Parents getting onboard with immunization mandate
(Calif.) Barely a year after passage of the state’s controversial school immunization law – and still months away from when it becomes operative – the number of kindergarteners entering school fully vaccinated has jumped more than 2 percent or by about 28,000 children.
A new report from the California Department of Public Health shows that almost 80 percent of counties across the state reported an increase in the percentage of fully-vaccinated students, with Alameda County boasting the highest increase of more than 7 percent.
In addition, nearly 93 percent of the 551,123 kindergarten children whose schools reported their status were fully immunized, according to the report.
“Many parents are becoming educated again about the risks of all of these vaccine-preventable infectious diseases,” said Yvonne Maldonado, professor of pediatrics specializing in infectious diseases at the Stanford School of Medicine. “I think we will see the rate continue to increase as SB 277 goes into effect.”
Last year, Gov. Jerry Brown signed legislation to end personal and religious exemptions from immunization, and to require a physician to declare it unsafe to vaccinate a child based on medical circumstances. Once the law takes effect on July 1, students who are not vaccinated must be home-schooled or participate in public school independent study.
The bill – SB 277 authored by Sen. Richard Pan – was met with passionate opposition from those who argued that the choice to vaccinate a child belongs to parents and that vaccines could be dangerous. Supporters countered that vaccinations are prudent to protect children and other populations too young, old or sick to be immunized.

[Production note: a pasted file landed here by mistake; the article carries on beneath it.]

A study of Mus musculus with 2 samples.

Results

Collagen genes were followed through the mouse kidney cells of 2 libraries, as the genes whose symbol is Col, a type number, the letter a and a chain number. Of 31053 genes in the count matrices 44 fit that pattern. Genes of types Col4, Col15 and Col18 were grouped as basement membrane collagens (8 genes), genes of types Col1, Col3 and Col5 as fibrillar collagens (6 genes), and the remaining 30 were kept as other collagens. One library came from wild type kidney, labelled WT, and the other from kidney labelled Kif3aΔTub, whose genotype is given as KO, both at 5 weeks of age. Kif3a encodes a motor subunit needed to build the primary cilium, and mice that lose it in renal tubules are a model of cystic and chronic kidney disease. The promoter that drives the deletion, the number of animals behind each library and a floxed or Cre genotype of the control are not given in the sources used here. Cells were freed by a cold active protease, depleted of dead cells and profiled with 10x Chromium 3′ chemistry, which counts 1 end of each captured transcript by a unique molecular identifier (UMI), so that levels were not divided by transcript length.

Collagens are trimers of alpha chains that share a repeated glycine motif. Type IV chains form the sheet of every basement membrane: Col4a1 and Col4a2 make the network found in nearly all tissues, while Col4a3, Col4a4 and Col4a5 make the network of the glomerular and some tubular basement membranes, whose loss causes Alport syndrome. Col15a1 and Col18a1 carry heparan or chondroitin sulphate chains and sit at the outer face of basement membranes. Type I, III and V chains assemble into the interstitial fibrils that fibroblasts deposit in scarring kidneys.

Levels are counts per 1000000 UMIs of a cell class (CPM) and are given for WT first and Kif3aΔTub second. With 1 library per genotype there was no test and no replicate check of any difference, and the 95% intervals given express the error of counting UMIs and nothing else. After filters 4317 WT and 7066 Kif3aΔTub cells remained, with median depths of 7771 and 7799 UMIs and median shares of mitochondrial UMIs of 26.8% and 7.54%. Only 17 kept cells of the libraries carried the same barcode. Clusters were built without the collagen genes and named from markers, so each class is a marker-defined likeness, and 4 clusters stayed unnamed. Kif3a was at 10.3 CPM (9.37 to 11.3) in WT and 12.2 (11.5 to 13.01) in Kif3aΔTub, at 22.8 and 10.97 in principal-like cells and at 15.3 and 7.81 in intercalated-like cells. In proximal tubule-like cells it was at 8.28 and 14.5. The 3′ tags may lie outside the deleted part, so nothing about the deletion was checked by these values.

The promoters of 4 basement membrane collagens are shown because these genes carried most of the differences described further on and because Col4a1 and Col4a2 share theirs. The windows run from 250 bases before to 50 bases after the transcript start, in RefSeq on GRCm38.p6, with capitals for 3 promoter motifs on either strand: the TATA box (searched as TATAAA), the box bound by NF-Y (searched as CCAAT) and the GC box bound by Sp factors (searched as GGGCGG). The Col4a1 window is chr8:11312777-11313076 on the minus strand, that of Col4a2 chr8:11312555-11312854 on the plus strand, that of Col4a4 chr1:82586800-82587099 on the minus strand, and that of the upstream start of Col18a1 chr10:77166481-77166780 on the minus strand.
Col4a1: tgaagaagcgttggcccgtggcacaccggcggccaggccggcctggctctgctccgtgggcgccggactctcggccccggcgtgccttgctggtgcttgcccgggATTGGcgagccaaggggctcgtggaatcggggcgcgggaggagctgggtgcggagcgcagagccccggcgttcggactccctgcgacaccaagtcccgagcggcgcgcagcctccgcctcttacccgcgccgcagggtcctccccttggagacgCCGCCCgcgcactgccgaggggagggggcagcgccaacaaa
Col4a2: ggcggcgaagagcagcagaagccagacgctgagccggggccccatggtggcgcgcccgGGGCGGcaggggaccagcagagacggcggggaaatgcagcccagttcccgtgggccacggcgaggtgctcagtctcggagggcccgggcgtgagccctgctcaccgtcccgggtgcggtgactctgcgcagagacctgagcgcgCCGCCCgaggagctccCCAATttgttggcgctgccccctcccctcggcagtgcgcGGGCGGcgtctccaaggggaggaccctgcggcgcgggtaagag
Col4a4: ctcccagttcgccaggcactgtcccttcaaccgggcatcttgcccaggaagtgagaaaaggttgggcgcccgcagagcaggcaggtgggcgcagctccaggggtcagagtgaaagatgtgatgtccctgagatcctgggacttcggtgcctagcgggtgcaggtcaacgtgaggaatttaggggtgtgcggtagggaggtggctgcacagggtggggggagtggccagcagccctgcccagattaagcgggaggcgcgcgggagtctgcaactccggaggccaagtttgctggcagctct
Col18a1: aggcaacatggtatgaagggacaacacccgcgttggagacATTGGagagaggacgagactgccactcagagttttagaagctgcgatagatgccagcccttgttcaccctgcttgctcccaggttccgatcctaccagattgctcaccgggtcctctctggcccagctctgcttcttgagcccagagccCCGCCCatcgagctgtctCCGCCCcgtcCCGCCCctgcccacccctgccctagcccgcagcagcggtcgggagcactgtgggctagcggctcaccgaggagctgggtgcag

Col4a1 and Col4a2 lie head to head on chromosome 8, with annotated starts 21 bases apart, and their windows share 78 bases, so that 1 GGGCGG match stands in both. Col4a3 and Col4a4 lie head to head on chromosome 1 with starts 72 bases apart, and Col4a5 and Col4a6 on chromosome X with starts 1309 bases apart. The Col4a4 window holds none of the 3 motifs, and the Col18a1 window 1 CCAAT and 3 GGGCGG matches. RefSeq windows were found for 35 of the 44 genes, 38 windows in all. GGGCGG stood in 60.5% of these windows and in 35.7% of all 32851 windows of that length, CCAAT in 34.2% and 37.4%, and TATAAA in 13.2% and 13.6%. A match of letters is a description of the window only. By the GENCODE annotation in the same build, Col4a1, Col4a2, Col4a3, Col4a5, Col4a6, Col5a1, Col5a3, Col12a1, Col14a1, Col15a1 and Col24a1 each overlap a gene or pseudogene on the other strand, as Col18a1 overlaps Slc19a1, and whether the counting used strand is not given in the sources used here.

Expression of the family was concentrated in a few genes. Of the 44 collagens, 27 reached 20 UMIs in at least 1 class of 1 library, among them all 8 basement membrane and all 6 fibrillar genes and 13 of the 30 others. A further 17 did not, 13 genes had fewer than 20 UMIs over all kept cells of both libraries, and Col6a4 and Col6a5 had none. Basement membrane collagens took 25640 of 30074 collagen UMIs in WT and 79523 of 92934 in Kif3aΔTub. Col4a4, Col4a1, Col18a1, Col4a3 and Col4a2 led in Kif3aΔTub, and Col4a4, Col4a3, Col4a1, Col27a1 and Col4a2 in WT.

Even private schools, which have historically had lower immunization rates than public schools, saw a slight increase of more than 1 percent in the number of students vaccinated when compared to last year.
Despite the increase in vaccinated kindergarteners, authors of the health department report warn that a number of schools and communities remain at risk of contagion because fewer than 90 percent of their youngest students are fully immunized.
According to the Centers for Disease Control and Prevention, the 90 percent vaccination rate is a benchmark needed to keep diseases such as measles and whooping cough from spreading. Failing to achieve that threshold could lead to instances like the one in 2014 when a measles outbreak started at the Disneyland Resort in Orange County, public health officials warned during the SB 277 debate.
California became one of only three states requiring a doctor to declare a vaccine exemption, although other states have taken steps to try and address the issue. Last year, similar bills were introduced in states including Texas, Maryland and North Carolina.
In Oregon, legislation was introduced that would require schools to publish immunization rates broken down by disease in order to give parents of children who cannot be vaccinated for medical reasons a way to judge which schools would be safest for their child to attend.
“There are children who cannot be vaccinated, whether because they are on chemotherapy or have otherwise compromised immune systems,” Maldonado said. “The goal is to get as close to 100 percent among children who can be vaccinated, or get to a point where you can prevent outbreaks by getting the rate of those immunized up above 90 percent.”